Pre-Colonial Political System in Nigeria: Hausa/Fulani Political System, Igbo Political System



Pre-Colonial Political System in Nigeria: Hausa/Fulani Political System, Igbo Political System

Pre-Colonial Political System in Nigeria: Hausa/Fulani Pre-colonial Political Administration


  • Hausa/Fulani Political System.
  • Igbo Political System.


Historical background of the Hausa

The Fulani assumed the political leadership of the Habe (Hausa) states in the 19th century after the jihad war led by Othman Dan Fodio. He established the Sokoto caliphate, which was highly politically centralized.

He introduced a new system of selecting rulers known as Emirs to rule the caliphate. Sokoto and Gwandu were made two headquarters for all emirates as each Emir owed allegiance to Othman Dan Fodio and his representatives at Sokoto and Gwandu.

  1. The Emirate: The caliphate was divided into emirates headed by an Emir possessing almost all powers. He was an authoritarian ruler. He made laws and maintained law and order according to Islamic rules. He was assisted by several advisers. These are:
  • The Waziri- he was the head of all the officials.
  • The Galadima- He is in charge of the capital.
  • The Madawaki- He was the commander of the army.
  • The Dogari- He was in charge of the treasury
  • SarkinRuwa- the River fishing official.
  • SarkinFada- The head of the palace workers.
  • SarkinPawa- The head of all butchers.
  • Yari- Official in charge of the prisons.
  1. The legislative organ: The Muslim law known as Sharia was applied throughout the emirate. The law was regarded as the law of God and supreme.
  2. The Executive organ: The Emir was authoritarian in nature. Though he had a council of adviser, he could accept or reject their advice.
  3. Judicial organ: The laws were based on sharia laws and the Alkali judges administered them. Some minor cases were passed to the village heads to settle. Criminal and land cases were for the Emir to decide as long as Sharia laws dealt with civil cases.
  4. District administration: Each emirate was divided into district headed by an official appointed by the Emir called Hakimi.


Pre-Colonial Political System in Nigeria: Igbo Pre-Colonial Political System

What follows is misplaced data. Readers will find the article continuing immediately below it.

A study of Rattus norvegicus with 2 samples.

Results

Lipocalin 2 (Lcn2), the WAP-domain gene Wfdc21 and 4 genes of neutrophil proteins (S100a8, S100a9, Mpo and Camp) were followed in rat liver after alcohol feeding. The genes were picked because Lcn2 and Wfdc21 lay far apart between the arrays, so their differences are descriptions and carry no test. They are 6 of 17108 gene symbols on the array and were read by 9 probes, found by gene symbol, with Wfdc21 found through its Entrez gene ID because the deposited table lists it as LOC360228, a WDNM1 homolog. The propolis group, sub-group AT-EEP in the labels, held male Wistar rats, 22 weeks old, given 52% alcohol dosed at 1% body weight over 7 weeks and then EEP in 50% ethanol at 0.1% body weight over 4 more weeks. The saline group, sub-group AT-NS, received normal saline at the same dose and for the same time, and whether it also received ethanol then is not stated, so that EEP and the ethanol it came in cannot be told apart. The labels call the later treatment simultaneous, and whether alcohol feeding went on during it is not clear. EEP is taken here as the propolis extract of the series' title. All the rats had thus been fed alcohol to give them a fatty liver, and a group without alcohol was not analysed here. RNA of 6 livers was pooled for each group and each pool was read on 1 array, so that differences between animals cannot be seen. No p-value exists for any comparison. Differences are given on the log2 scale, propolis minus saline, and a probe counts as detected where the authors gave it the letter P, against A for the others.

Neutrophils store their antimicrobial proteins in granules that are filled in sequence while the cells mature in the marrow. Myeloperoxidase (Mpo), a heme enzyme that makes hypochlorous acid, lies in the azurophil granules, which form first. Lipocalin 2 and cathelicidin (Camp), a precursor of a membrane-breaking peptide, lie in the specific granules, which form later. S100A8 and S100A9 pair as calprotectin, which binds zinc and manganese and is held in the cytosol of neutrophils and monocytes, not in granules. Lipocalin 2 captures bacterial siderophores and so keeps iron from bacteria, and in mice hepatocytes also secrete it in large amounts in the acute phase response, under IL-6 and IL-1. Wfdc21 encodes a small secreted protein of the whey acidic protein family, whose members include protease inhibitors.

The Igbo system had no central authority like the Yoruba and Hausa. Different groups shared power and it involved the general participation of people in governance. They practice a form of direct democracy.

  1. It was a decentralized and segmented system.
  2. It was republican. No individual had hereditary rights to political office.
  3. The system was democratic as there was the principle of equality and social justice.
  4. There was no centralized power. No one was a political ruler.
  5. Women played a significant role in government through, the Umuada (daughters of the kindred)
  1. The Village Administration: The Igbo political system was based on the village as a political unit. Each village was made up of families. Each family head held the Ofor title and they all formed the council of elders, which govern the village. The oldest Ofor title holder was referred to as the Okpara and presided over the council of elders meeting where decisions affecting the people are taking. During village meetings, every adult was expected to participate.
  2. The Executive: The affairs of the village were discussed by the heads (council of elders). Every adult had the power to contribute.
  3. The Legislature: The villagers made laws themselves. The age-grade could make laws, which the elders accepted.
  4. The Judiciary: Family heads settle the dispute between families. Serious cases were referred to the council of elders and the Okpara.
  5. The Age Grade: Some young men belonged to the same age group. They were involved in the administration of the village and perform public duties like clearing of parts, road etc., they maintained security and helped in the implementation of policies made by the council of elders.
  6. The Ozor Titleholders: Some wealthy and influential men took the Ozor title, which was very expensive. The society respected such men and they could join the council of elders to debate on issues affecting the people.
  7. Women Association: They participated in settling disputes as they served as a powerful pressure group. They socialized with their young ones by inculcating in them good morals, political values and norms. They stood against corruption and oppression.
  1. Describe the composition of the village assembly in the Igbo pre-colonial political system
  2. Discuss the roles of the Ozor title holders in the Igbo pre-colonial system.
  3. Define Totalitarianism
  4. Give 5 features of totalitarianism


In our next class, we will be talking about the Pre-Colonial Political System: Yoruba Political System.  We hope you enjoyed the class.